Who is Paul Hewitt…- and what the hell is “-information economics”-…-!??…-
About Paul S. Hewitt, B.Comm, CA
I am a Chartered Accountant with a public practice in Toronto, Canada. While much of my work involves personal and corporate income tax, my practice consults with corporations to improve their business planning processes. I am a graduate of the University of Toronto, with a B.Comm degree, but this is somewhat misleading. A significant portion of my course load was focused on economics, and in particular, information economics. Then, it was a relatively new branch of economics, and it had yet to become overly bogged down by theoretical calculus! In short, it was fun. I wrote an undergraduate thesis: “A New Theory of the Economics of Discrimination.”
Then, I moved on to the corporate world, obtaining my CA designation while working at Price Waterhouse in Toronto. Several years later, I branched out on my own, developing a public practice primarily focused on tax consulting.
Information economics or the economics of information is a branch of microeconomic theory that studies how information affects an economy and economic decisions. Information has special characteristics. It is easy to create but hard to trust. It is easy to spread but hard to control. It influences many decisions. These special characteristics (as compared with other types of goods) complicate many standard economic theories.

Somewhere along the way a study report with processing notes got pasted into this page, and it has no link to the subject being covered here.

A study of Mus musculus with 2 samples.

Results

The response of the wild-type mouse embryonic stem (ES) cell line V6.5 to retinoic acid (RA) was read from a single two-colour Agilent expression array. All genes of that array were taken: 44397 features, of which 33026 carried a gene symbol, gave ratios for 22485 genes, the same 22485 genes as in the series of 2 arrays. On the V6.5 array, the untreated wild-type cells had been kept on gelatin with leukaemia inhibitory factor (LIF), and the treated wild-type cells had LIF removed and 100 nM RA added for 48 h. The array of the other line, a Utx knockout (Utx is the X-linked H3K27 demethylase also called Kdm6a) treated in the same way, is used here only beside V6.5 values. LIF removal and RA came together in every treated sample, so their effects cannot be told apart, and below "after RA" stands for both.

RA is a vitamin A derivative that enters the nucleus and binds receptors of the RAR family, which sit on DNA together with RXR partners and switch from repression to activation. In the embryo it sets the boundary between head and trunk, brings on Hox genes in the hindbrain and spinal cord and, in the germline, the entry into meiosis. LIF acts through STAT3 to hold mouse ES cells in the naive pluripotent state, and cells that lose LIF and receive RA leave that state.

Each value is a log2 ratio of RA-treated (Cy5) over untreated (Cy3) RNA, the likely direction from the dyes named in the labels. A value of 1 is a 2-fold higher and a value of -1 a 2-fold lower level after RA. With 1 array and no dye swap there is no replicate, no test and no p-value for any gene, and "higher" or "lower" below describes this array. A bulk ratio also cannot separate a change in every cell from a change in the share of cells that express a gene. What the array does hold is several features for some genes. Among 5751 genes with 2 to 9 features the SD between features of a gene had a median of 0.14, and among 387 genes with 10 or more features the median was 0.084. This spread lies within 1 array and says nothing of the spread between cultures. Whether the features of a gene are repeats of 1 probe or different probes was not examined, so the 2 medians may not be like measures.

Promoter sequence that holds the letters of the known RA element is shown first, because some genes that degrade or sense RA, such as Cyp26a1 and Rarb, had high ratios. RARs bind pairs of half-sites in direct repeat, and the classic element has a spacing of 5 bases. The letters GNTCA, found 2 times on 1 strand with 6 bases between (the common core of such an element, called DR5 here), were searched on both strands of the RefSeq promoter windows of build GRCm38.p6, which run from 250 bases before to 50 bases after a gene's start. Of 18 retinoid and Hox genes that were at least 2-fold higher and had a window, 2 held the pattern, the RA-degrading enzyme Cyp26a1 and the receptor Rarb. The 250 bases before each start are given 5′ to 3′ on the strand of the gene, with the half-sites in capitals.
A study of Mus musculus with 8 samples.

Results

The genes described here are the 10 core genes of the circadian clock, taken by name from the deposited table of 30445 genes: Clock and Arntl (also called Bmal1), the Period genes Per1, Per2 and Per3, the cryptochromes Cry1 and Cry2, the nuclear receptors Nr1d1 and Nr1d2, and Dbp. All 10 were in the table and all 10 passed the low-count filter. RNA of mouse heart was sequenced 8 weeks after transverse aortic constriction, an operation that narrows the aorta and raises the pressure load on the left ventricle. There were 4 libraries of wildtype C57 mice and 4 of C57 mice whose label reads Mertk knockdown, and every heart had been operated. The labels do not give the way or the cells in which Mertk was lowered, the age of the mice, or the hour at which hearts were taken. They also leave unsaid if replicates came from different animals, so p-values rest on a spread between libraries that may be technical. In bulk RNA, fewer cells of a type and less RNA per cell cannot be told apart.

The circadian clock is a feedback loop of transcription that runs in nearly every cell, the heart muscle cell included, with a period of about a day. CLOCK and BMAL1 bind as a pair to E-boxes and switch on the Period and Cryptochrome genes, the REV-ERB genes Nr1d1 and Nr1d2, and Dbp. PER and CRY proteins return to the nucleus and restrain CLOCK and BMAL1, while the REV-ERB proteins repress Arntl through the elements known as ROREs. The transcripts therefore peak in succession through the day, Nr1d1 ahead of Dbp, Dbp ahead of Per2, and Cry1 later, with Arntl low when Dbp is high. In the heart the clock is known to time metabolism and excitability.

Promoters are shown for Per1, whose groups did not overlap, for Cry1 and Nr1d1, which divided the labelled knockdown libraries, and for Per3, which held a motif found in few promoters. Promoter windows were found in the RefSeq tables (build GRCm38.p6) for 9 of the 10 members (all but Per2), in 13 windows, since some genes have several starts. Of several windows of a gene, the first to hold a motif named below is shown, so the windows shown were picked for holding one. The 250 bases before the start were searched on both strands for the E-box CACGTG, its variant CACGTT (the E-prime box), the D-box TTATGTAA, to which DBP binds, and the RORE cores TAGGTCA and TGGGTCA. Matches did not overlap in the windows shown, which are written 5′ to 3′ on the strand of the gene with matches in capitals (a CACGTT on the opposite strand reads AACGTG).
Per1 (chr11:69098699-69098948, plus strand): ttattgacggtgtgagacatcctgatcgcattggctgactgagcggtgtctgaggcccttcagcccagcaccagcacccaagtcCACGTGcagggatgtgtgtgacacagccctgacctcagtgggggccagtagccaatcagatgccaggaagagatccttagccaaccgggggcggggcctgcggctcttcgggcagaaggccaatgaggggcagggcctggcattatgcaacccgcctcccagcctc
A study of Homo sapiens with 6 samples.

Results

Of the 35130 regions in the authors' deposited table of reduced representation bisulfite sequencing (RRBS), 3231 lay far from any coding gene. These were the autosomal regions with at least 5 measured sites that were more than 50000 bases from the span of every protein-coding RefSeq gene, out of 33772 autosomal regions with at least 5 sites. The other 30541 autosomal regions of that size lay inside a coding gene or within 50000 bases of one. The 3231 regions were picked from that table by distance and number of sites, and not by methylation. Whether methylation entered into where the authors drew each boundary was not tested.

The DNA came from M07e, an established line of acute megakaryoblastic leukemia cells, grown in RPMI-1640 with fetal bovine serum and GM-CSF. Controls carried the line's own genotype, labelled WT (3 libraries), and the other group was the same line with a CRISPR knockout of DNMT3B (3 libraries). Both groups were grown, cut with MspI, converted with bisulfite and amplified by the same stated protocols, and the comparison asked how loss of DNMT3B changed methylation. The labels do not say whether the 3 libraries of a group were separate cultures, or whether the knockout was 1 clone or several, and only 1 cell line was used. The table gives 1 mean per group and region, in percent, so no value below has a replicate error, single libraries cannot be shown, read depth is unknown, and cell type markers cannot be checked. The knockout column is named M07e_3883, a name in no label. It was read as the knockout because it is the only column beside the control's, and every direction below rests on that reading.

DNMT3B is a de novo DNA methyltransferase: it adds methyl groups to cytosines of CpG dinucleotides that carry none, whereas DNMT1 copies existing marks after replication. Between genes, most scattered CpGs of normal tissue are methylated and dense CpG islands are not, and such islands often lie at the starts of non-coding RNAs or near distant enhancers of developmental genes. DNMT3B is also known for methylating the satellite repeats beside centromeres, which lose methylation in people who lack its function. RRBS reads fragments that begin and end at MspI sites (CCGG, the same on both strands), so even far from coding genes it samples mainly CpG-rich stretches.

The subject is treated under Journal of Economic Literature classification code JEL D8 – Information, Knowledge, and Uncertainty. The present article reflects topics included in that code. There are several subfields of information economics. The first insights in information economics related to the economics of information goods. In recent decades, there have been influential advances in the study of information asymmetries and their implications for contract theory. Finally, with the rise of computers, economists have begun to study economics of information technology.
The starting point for economic analysis is the observation that information has economic value because it allows individuals to make choices that yield higher expected payoffs or expected utility than they would obtain from choices made in the absence of information.
I like that. For those interested in more, Paul tells me that the Toronto Public Library has freed some academic papers on information economics. E-mail him for more info.
Does information economics apply to prediction markets?
- Information generated by our prediction markets is easy to create but hard to trust.
- The market-generated predictions are easy to spread but hard to control.
- They influence many decisions.
I think that only #2 is true —-and #1 is half true (although I could also say it is true, too, I am not really sure about that one). The fact that #3 is untrue infirms the Hanson approach. Your comments?